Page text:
Horror takes a back seat to horny teen drama in the early chapters of Supermassive’s latest nightmare


The Quarry is not connected to Supermassive’s ongoing Dark Pictures Anthology, instead being more of a follow-up to the PS-exclusive Until Dawn, but with some of the improvements and additional features, like multiple co-op modes, introduced in the more recent games. If you’re not familiar with either, here’s the skinny: you control a group of horror victims as they work together to survive, developing their relationships in cinematic dialogue sequences, getting into scrapes in action set pieces full of QTEs and occasionally doing some light adventure game investigations. They are, essentially, choice-laden interactive horror flicks. 

(Image credit: 2K Games)

It’s another classic horror setup this time around, just like Until Dawn’s spooky cabin and Man of Medan’s ghost ship. This does put it on the edge of triteness, but Supermassive tends to earnestly celebrate horror tropes—and sometimes subverts them—in a way that neutralises some of the overfamiliarity. It has fun with them. And that means normally I welcome them, but after only an hour of The Quarry, I may have already hit my limit. 

I do not care for these teens. The douchebag with the backwards baseball cap. The mean girl. The smart one from Modern Family. They are human-shaped explosions of hormones and watching them play an awkward game of Truth or Dare around the firepit was so torturous that I want to take it to the Hague. 

Every Supermassive game has characters that I just can’t stand, but I usually have a good time hating them. They suck on purpose, because every gang of unfortunate monster victims needs a total dickhead. The Quarry’s cast are simply a bit boring, and every single scene seems to be an excuse for them to talk about their crushes or act like lovesick puppies. It’s exhausting. 

(Image credit: 2K Games)

The horror has a hard time making space for itself with all this teen drama. For most of the section I had access to, which covers the second and third chapters, it exists only on the peripheries. A light on in a building that should be empty. Weirdos spying on the kids. Monstrous silhouettes in the distance. When the monster does reveal itself, interrupting a kiss (of course), it’s quick and violent. The monster is a sinewy, wretched-looking creature, but preternaturally fast and strong. There’s a brief chase, some QTEs, and just as things are getting intense it’s back to teens being horny again.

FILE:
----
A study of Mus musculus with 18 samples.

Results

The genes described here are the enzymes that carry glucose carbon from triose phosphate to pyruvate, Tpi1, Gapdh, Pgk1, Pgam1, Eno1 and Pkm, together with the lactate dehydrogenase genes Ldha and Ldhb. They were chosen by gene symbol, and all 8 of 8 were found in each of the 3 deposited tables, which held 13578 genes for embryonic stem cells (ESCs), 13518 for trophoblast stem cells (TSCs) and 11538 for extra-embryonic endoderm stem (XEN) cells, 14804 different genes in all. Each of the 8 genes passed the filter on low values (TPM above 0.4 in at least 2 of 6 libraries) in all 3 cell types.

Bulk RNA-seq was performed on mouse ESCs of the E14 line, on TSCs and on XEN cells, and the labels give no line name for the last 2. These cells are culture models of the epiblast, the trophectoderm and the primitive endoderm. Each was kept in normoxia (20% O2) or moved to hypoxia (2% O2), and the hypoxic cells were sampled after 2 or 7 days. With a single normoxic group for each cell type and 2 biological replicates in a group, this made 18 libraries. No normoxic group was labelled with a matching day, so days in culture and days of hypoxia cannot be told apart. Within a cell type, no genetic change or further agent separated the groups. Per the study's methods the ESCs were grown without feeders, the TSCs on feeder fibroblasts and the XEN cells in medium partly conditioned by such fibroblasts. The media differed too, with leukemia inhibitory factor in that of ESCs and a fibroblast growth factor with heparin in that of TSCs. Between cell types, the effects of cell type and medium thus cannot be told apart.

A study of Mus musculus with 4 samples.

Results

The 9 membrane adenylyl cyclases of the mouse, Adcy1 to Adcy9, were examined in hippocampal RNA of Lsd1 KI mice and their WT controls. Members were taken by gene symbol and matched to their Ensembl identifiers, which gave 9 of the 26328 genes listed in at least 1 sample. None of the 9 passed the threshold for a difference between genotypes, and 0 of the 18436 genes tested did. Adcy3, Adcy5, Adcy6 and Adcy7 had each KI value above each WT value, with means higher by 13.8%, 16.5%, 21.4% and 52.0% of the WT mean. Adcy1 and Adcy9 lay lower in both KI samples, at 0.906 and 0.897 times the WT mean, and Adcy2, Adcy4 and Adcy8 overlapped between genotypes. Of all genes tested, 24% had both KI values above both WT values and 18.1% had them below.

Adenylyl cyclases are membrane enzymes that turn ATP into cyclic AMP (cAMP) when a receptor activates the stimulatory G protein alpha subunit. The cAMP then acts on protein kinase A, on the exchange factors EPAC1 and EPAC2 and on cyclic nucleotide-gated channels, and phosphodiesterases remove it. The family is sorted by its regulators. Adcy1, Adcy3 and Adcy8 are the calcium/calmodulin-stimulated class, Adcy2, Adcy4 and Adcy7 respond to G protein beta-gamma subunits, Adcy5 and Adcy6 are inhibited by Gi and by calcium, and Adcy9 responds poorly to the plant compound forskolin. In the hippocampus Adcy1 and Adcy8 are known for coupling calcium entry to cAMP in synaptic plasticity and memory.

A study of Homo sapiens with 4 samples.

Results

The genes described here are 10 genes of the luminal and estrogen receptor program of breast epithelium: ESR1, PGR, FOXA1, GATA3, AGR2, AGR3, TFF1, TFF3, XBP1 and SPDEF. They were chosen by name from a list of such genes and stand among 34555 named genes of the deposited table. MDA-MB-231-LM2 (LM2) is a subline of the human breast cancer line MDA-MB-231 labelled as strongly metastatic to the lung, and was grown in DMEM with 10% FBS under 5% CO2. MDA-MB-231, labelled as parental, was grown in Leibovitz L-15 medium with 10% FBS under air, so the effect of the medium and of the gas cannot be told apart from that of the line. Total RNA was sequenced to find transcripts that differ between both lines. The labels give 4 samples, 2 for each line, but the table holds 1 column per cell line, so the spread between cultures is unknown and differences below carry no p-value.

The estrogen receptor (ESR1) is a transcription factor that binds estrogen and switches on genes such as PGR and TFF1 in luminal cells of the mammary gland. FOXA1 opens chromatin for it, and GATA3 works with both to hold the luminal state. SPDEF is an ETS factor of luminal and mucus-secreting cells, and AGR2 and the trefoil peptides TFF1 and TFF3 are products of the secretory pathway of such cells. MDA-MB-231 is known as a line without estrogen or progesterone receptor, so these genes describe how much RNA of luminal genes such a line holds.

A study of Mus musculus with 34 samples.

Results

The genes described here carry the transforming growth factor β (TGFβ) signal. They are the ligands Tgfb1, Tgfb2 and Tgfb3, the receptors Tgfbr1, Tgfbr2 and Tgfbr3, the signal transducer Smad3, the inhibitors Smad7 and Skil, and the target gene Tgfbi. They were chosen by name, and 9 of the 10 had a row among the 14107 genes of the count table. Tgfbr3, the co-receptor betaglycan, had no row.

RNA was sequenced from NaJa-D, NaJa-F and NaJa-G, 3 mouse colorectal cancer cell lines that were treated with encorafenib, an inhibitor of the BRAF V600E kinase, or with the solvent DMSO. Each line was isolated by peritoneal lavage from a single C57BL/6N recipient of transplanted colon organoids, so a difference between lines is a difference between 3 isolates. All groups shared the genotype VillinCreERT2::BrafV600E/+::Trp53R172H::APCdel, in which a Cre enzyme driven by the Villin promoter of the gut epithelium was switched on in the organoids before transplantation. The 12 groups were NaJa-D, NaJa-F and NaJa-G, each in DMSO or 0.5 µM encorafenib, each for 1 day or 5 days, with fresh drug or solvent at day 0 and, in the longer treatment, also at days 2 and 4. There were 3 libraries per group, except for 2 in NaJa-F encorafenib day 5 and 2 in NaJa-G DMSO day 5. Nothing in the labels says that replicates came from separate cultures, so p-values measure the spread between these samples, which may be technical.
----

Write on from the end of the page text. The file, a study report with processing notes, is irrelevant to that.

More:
Weird priorities

We’ve got a kid who’s just been mauled, another one fleeing a monster, but instead of sticking with them we end up pivoting to Backwards Baseball Cap Douchebag crying on a dock and skimming stones while terrible acoustic music plays, just in case it’s not clear that this boy is very sad—at least until his ex comes along and suggests a late-night swim. He does make himself useful, though, by bumping into a drowned corpse that, along with another object he discovers floating in the water, counts as evidence. As well as building a picture of just what the heck is going on in this summer camp, it looks like evidence will be important for The Quarry’s conclusion, proving to the cops the survivors aren’t responsible for what went down during the night of terror.

Following the corpse discovery, we are dragged back to the firepit where, despite half of the group wandering off, the game of Truth or Dare continues—though it’s thankfully interrupted by the screams of Modern Family girl. Then it’s time to save the mauled dude, which mostly involves trying not to fall over as you run through the woods. This scene is made a lot more entertaining if you purposefully fail the QTEs, sending the group’s Nice Guy falling into rivers, tripping over steps and generally making a fool out of himself. Good times.

(Image credit: 2K Games)

As a fan of schlocky horror and Supermassive’s oeuvre, I was desperate to find something I did like, but it was hard. The discovery of some tasty snacks does prompt a literal song and dance that I found stupidly charming, at least. And it’s undoubtedly a striking game. The mocap and animation are some of the best out there, too. It really is like playing a horror flick—just not a good one, so far.

Even when I was simply walking around things felt off, like the jarring transitions between shots. You’ll be following a character from behind one second, and then you’ll suddenly be looking at a completely different shot from a different angle, ostensibly so the game can show you something important, and every time I got whiplash. In a game where you don’t have a fixed camera, it just doesn’t seem necessary. This was a problem in The Dark Pictures Anthology, too, but one that got better over time, to the point where I don’t remember it being an issue at all in the last one, House of Ashes. Hopefully there’s still time to improve The Quarry’s, but with the launch imminent, Supermassive is cutting it close. 

Here’s the thing: Supermassive’s preview builds are rarely very good. The studio’s fear of spoilers and the nature of horror’s pacing mean that just playing a single section is never going to show the game at its best. I was not into House of Ashes at all until I started playing the review version, when it became one of my faves. But since The Quarry is the largest game of the bunch, estimated to be a 10-hour deal, it takes longer to get going and gives us so many more opportunities to get tired of these teens.